Greening Black Metal: The EcoGothic Aesthethics of Botanist’s Lyrics
Keywords:Botanist, Ecogothic, Aesthethics, Black Metal, Material Spirituality
Environmentalist Black Metal has been a liminal subject of academic ecocriticism during the last decade, but it has rarely been addressed from the perspective of ecoGothic studies. Environmental discourses in Black Metal have taken diverse ideological forms based on the time and place in which they were generated. In the United States, many bands have focused on exploring what Hunter Hunt-Hendrix calls “aesthethics,” an affirmative and nihilist sense of transcendentalism carried out through a certain sense of aesthetics, ascetics (spirituality), and ethics. US bands like Botanist have usually been analyzed through the lens of Deep Ecology, that is, as projects depicting a sacralized Nature and a sense of nihilist self-hating humanism. This view, thus, implies an essentialist understandings of Nature/humanity dynamics on their behalf. Botanist’s lyrics are characterized by the creation of a demonological/angelical Nature in sempiternal conflict with humanity and its environment-destroying activities. Observing this narrative through an ecoGothic perspective, however, uncovers a different understanding of the romanticized portrayals of Nature depicted by the band, ultimately highlighting humanity and “humanness” as a vital part of its aesthethical construction. This article, therefore, explores the ways in which ecoGothic aesthetics, Val Plumwood’s notion of material spirituality and, Donna Haraway’s sense of “chthulucenic” ethics connect with each other in Botanist’s grim lyricism. The article highlights the importance of Botanist’s representation of plant architectures, “Mother Nature’s” spirituality, and the environmental ethics involved in the performance of “The Botanist,” the protagonist of the band’s narrative. This brings to light how the band’s depiction of Nature not only drives audiences to reflect on contemporary environmental anxieties, but also to look for onto-ethical alternatives to addressing human/non-human relationships.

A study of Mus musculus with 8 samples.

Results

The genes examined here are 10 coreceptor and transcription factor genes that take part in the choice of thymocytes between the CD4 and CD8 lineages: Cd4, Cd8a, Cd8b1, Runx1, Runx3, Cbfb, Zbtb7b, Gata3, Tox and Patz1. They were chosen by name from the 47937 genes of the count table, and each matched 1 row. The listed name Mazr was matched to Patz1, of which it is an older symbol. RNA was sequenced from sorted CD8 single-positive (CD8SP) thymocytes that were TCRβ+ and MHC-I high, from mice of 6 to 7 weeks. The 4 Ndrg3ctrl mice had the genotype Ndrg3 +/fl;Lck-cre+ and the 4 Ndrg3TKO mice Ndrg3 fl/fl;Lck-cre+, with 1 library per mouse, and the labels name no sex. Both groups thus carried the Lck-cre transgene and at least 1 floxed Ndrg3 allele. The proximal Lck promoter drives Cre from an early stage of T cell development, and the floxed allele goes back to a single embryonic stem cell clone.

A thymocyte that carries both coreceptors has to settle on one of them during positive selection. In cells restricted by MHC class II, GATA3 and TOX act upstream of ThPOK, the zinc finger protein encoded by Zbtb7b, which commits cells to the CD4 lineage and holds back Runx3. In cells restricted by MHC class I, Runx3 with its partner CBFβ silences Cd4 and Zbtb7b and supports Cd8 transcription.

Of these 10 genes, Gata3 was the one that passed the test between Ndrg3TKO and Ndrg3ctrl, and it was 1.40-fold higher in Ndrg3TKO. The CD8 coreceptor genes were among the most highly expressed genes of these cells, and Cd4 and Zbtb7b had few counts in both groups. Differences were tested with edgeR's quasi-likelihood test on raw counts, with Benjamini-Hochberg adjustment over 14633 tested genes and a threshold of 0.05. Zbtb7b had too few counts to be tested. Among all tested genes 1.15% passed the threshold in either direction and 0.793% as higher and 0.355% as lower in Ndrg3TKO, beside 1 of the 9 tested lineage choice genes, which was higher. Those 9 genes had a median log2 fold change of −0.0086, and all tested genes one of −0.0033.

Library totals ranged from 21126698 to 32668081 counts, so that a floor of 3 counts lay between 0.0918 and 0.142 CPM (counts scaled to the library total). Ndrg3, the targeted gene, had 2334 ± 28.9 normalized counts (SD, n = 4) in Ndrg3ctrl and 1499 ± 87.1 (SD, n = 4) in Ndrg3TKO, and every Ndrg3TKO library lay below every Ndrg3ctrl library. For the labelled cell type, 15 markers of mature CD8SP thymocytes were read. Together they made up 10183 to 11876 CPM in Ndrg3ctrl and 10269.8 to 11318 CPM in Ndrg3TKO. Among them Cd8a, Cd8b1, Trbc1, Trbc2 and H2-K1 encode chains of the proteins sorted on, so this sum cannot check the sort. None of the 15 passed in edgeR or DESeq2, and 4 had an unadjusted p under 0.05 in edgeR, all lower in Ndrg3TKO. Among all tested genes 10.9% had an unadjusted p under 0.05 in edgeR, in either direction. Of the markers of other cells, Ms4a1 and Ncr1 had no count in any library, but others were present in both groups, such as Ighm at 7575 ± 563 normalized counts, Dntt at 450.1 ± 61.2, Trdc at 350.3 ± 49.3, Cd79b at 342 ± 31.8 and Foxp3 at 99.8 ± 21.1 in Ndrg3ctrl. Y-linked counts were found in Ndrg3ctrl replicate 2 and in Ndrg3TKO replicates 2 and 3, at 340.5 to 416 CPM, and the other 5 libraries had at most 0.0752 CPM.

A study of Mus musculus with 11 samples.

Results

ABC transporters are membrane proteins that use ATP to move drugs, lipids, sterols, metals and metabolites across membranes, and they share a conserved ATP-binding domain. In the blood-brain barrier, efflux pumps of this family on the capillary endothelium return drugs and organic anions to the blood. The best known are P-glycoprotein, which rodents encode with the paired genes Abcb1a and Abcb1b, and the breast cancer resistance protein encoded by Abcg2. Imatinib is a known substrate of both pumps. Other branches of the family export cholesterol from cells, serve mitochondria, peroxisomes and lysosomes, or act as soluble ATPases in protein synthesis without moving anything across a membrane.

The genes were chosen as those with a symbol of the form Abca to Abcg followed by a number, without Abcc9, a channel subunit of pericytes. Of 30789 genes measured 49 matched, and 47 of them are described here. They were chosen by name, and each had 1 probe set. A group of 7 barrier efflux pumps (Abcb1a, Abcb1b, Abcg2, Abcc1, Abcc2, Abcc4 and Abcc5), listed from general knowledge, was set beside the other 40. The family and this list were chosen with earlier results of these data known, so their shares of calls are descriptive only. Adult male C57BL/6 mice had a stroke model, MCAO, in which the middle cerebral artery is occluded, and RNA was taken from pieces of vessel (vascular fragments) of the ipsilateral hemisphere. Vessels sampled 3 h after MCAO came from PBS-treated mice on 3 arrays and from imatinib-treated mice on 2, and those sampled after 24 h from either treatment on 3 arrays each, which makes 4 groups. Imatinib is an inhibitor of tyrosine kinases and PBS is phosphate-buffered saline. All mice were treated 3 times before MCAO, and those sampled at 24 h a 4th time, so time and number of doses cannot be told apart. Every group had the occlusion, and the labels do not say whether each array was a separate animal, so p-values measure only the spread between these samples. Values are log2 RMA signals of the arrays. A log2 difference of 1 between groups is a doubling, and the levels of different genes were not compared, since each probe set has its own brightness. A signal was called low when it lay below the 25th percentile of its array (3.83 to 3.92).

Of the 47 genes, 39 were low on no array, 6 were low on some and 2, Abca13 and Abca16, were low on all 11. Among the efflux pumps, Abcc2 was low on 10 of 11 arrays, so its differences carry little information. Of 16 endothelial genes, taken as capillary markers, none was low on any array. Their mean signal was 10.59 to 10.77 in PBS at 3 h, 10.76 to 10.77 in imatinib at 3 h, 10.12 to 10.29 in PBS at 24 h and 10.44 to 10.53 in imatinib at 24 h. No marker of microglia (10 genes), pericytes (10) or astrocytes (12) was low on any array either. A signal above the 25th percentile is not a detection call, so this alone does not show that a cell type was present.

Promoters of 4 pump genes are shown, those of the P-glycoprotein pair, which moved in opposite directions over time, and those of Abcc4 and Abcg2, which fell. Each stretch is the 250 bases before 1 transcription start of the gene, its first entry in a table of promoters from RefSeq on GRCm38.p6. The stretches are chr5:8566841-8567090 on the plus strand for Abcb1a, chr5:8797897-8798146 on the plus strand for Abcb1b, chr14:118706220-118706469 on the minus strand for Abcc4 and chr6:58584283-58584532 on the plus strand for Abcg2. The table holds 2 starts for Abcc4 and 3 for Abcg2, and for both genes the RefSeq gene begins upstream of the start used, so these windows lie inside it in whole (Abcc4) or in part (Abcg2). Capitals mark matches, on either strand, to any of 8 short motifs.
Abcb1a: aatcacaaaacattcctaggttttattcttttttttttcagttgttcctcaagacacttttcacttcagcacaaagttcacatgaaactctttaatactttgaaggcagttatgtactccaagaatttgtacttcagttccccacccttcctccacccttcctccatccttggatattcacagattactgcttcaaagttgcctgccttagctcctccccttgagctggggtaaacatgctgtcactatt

Authors who publish with this journal agree to the following terms:
a) Authors retain copyright and grant the journal right of first publication with the work simultaneously licensed under a Creative Commons Attribution License that allows others to share the work with an acknowledgement of the work's authorship and initial publication in this journal (CC BY-NC for articles and CC BY-NC-ND for creative work, unless author requests otherwise.
b) Authors are able to enter into separate, additional contractual arrangements for the non-exclusive distribution of the journal's published version of the work (e.g., post it to an institutional repository or publish it in a book), with an acknowledgement of its initial publication in this journal.
c) Authors are permitted and encouraged to post their work online (e.g., in institutional repositories or on their website) prior to and during the submission process, as it can lead to productive exchanges, as well as earlier and greater citation of published work (See The Effect of Open Access).